Apparently, he and David Herszenhorn moonlight for the Republican National Committee, and got some of their copy mixed up. Either that, or someone from the RNC spun them so hard they don’t know which way is up.
My God, where do you start? Well, how about: “it is not clear that Republicans and the White House are willing to negotiate seriously with each other.” Except, of course, that both the House and Senate plans are based on Republicans ideas, and the Senate process ground to a halt for months over the Gang of Six process.
Or this: “Congressional Republicans have laid out principles and alternatives that provide a road map to what a Republican health care bill would look like if they had the power to decide the outcome.” Except that, you know, the Republicans had the power to decide the outcome for several years and did nothing because essentially the system is fine by them.
Or: “The Republicans rely more on the market and less on government.” Unless, of course, you count things like tax sheltered health savings accounts, subsidies to Pharma under Medicare (dis)Advantage, federal pre-emption of state insurance regulations.
Or: “it is clear that they would not provide coverage to anything like the number of people — more than 30 million — who would gain insurance under the Democrats’ proposals. But Republicans say they can make incremental progress without the economic costs they contend the Democratic plans pose to the nation.” Yes, but are they right when they say that? Does such an assertion even pass the laugh test? Given that both the House and Senate bills are fully paid for — a fact nowhere mentioned in the piece and not a facet of, say, any GOP policy initiative during the Bush years — maybe some analysis and fact-checking of GOP claims is warranted?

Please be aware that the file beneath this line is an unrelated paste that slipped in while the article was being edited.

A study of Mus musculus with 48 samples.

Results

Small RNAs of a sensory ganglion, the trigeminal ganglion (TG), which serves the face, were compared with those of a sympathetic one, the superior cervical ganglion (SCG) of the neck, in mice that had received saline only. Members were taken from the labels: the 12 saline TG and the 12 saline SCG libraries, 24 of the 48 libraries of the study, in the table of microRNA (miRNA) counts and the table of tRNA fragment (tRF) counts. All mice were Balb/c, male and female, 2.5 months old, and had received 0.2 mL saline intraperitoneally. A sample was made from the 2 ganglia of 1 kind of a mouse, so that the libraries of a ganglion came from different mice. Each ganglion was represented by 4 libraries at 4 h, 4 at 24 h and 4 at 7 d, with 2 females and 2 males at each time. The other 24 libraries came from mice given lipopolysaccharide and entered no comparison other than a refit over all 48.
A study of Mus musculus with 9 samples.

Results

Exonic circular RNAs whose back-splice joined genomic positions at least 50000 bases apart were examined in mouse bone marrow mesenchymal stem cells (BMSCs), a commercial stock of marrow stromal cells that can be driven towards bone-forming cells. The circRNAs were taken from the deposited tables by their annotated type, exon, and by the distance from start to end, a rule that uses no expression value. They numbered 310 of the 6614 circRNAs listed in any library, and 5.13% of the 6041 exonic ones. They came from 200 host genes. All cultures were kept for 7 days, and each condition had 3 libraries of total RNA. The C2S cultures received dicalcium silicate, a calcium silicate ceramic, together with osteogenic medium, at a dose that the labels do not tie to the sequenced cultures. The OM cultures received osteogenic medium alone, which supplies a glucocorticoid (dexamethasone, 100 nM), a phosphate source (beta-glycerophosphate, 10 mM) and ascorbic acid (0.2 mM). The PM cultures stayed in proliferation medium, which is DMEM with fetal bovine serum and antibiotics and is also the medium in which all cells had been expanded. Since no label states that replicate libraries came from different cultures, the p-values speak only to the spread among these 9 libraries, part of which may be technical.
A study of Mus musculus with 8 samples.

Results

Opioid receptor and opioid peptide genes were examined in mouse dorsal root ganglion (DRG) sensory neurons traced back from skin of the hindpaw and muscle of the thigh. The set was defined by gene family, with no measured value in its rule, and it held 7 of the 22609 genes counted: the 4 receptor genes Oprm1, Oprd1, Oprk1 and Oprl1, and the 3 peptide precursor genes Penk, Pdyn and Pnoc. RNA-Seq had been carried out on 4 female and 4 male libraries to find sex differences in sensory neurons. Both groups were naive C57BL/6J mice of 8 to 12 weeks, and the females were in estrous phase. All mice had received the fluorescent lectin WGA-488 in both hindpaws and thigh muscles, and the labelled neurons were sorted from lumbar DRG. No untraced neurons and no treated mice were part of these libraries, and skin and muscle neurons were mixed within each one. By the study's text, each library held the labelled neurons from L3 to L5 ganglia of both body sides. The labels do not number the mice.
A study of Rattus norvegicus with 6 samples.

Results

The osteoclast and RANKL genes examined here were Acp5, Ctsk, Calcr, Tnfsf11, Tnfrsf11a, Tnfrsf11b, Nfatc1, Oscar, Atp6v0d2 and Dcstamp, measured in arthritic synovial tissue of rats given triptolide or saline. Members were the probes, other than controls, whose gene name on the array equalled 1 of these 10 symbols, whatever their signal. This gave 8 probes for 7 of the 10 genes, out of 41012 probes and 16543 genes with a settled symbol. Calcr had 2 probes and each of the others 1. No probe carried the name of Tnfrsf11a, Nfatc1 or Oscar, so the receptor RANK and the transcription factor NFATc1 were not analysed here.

Or: “Republicans would provide federal money to states to establish and expand high-risk pools, for people with chronic illnesses who cannot find private insurance at an affordable price.” Yes — and many states already have them, and they have done exactly nothing to increase affordability or access?
Or: “Republicans also contend that changes in state medical malpractice laws could lower costs and slow the growth of premiums. However, some of these proposals — like federal limits on damages for pain and suffering and punitive damages — are potentially in conflict with the Republicans’ emphasis on federalism and state autonomy.” Also however — these proposals do virtually nothing to actually reduce costs, as has been shown by study after study for years and years. (Which isn’t to say tort reform isn’t a good idea on it’s own basis).
Or: “Many Republicans want to expand the role of private insurance companies in Medicare. Insurers already manage Medicare’s prescription drug benefit, and Republicans see that as a model.” Yes — it’s a model of how to reward Big Pharma and getting nothing in return. Can’t Pear and Herszenhorn be bothered to cite to the studies showing how inefficient it is?
This isn’t journalism: it’s stenography. Pear has been on this beat at least since 1993, and apparently hasn’t learned anything since then: little wonder that his work served as Exhibit One in James Fallows’ diagnosis of what is wrong with contemporary reporting.
The piece concludes: “Senator Judd Gregg of New Hampshire, the senior Republican on the Budget Committee, welcomed Mr. Obama’s invitation. But like many in his party, he expressed concern that the session would be used as ‘an arena for political theater.’” Maybe that’s because theater seems to be the only thing that putative journalists like Pear and Herszenhorn understand.